By Charlie Bermant
Peninsula Daily News
“Judge Verser was a great influence on the law and the community,” County Commissioner John Austin said.
“We are sorry to see him go.”
Jefferson County Sheriff Tony Hernandez said of Verser, “He was a dedicated public servant and an excellent judge.
“He had a tremendous amount of poise and was very deliberate and careful when he was weighing the facts of any case,” Hernandez said.
Verser was diagnosed with pancreatic cancer in 2011 and was treated successfully enough that he announced his intention to run in April 2012.
But he changed his mind a few weeks later because he did not want his cancer to become an issue.
Verser, who had a long legal career in Jefferson County, was appointed to the bench in 2004 after the death of Thomas Majhan and won election in his own right later that year.
He was re-elected in 2008.
During his eight years on the bench, Verser presided over cases involving brutal crimes but said he maintained an even keel by following one of the law's most important tenets.
After announcing the decision to not seek another term, he endorsed Port Townsend attorney Keith Harper as his successor, who was elected in November.
“He was a very good lawyer and worked hard as a judge,” Harper said.
“He had an ideal judicial temperament and a great demeanor while sitting on the bench. I appreciated very much his support of me both as a court Commissioner and as a candidate.
“I am a judge now in large part because of” Verser, Harper said.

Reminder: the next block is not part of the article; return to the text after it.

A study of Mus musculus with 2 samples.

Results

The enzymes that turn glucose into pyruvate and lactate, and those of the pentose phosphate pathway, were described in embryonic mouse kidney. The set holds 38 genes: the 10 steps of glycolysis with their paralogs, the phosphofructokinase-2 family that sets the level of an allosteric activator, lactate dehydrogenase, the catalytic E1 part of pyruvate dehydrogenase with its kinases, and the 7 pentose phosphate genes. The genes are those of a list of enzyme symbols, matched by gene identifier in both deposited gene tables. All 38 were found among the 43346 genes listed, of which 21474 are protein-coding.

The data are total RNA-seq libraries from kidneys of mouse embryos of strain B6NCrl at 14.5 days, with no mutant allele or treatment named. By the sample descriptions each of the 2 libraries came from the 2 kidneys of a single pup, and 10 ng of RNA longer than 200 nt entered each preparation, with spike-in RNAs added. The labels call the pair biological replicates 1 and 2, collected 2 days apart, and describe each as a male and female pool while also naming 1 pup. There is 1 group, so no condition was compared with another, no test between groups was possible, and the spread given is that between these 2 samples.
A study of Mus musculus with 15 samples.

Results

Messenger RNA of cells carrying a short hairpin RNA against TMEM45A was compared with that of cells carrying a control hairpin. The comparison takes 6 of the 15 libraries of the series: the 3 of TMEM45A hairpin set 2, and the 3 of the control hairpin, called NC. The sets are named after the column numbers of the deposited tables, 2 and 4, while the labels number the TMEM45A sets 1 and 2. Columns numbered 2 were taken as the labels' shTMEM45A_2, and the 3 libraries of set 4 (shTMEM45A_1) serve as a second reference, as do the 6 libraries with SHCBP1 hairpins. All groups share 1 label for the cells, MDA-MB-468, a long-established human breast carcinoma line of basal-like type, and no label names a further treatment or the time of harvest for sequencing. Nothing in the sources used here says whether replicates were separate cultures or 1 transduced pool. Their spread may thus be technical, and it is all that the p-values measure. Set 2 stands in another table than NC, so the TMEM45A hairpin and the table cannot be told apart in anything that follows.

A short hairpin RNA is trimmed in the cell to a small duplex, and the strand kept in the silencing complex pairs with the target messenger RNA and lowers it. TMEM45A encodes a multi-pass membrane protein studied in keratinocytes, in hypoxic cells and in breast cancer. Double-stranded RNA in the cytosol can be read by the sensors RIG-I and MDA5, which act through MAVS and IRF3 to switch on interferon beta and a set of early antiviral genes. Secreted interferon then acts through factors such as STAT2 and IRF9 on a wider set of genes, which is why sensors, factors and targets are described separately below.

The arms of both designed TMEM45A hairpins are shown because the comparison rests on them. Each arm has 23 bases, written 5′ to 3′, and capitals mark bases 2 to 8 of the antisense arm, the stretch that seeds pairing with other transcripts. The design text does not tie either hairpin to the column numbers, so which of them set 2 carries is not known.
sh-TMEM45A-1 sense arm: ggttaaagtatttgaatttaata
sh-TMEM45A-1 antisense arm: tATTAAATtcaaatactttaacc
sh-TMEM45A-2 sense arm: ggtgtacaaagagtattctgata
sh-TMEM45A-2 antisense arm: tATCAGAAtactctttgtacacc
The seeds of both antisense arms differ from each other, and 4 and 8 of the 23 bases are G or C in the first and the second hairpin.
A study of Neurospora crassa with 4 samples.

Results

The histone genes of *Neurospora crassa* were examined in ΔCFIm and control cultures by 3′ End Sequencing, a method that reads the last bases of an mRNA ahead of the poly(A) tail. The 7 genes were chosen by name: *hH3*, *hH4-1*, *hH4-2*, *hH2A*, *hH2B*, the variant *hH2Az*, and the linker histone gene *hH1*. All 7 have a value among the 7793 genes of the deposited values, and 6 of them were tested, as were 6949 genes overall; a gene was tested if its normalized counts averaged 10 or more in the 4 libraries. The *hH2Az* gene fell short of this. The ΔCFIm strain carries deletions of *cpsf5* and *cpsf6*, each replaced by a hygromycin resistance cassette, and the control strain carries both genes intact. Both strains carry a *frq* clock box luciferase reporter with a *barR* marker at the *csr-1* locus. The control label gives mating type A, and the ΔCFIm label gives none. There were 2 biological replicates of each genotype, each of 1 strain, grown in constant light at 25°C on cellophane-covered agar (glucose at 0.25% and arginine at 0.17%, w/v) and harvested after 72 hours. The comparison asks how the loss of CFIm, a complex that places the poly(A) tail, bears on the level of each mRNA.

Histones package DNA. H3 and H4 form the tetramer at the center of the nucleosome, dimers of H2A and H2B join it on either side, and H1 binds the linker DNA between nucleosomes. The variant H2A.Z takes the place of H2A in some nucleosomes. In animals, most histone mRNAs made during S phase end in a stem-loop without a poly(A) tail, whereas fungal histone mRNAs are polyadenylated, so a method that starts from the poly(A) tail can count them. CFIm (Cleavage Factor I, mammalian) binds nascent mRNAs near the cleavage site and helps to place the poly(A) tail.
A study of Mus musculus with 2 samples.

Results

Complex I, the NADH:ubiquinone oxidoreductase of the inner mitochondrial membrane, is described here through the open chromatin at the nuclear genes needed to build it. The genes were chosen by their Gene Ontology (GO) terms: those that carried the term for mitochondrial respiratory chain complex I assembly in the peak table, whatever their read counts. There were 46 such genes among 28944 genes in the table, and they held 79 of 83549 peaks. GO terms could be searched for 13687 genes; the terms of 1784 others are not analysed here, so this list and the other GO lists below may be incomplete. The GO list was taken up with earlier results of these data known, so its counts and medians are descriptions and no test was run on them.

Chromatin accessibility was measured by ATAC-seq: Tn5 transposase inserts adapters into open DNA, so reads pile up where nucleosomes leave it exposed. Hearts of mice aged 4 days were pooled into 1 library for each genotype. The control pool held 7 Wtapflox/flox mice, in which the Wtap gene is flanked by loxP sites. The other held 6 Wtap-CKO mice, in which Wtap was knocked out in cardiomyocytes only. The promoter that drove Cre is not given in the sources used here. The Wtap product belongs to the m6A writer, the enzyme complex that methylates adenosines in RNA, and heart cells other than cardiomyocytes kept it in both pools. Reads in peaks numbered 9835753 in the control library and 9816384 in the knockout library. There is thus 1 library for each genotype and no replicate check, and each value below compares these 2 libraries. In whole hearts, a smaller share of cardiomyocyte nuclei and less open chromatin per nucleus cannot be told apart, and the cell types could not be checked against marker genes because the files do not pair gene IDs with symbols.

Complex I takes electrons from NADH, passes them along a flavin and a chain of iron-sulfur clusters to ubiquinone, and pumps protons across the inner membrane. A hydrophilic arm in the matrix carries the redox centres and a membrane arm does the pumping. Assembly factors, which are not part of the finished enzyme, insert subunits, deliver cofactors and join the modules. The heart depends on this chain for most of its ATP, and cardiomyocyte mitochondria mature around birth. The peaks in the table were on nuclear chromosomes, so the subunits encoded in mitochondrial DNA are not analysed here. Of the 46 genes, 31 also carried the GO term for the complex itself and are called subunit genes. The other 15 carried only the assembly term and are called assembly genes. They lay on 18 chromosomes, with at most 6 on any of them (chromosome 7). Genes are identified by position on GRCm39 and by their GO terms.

Superior Court Clerk Ruth Gordon said, “It was great to have someone with such broad experience on the bench.
“He had a love of the law, and along with a dollop of common sense and passion, he understood that his decisions had an impact on people.”
After his retirement, Verser worked as a conflict attorney, representing public clients who could not be represented by the county public defender.
“He was fortunate to have time with his family,” said Jefferson County Prosecuting Attorney Scott Rosekrans, as “people with a diagnosis of pancreatic cancer tend to go pretty quickly.
Verser, Rosekrans said, “had a love of the law, and when he was a judge, it was clear that he missed being a lawyer.”
Verser's last appearance in court was in July, at which time it was clear to both Gordon and Rosekrans that he wasn't doing well.
“We looked forward to seeing him when he came in, but it was obvious that he wasn't doing well,” Gordon said.
“It was obvious that he was in pain and had accepted that the fight was over.”
“When he left, it was a real loss for juvenile court,” said Juelie Dalzell, Rosekrans' predecessor.
“He was great with kids, he understood their background and their needs.
“He used to be a history teacher and had a lot of experience with kids.”
Daughter Yvonne Verser, a 2004 graduate of Port Townsend High School, said her father presided over several mock trials during her school career.
“He was the best dad imaginable for both my sister and myself,” she said.
“He did the best that he could to help the community and was passionate about life until the very end.”
Verser was married to Kimberly Verser, now Kimberly Metz, of Virginia from 1982 to 2003.
He is survived by his wife Joyce, whom he married in a courtroom ceremony on Feb. 19. 2011.
He also leaves two daughters, Lindsey Verser of Lorton, Va., and Yvonne Verser of Berkeley, Calif., as well as a grandchild, Austin Verser of Lorton, Va., and a sister, Nancy Breubach of Sudbury, Mass.
No funeral services are planned, but a celebration of life will be held at a later time, Joyce Verser said.
Jefferson County Reporter Charlie Bermant can be reached at 360-385-2335 or at firstname.lastname@example.org.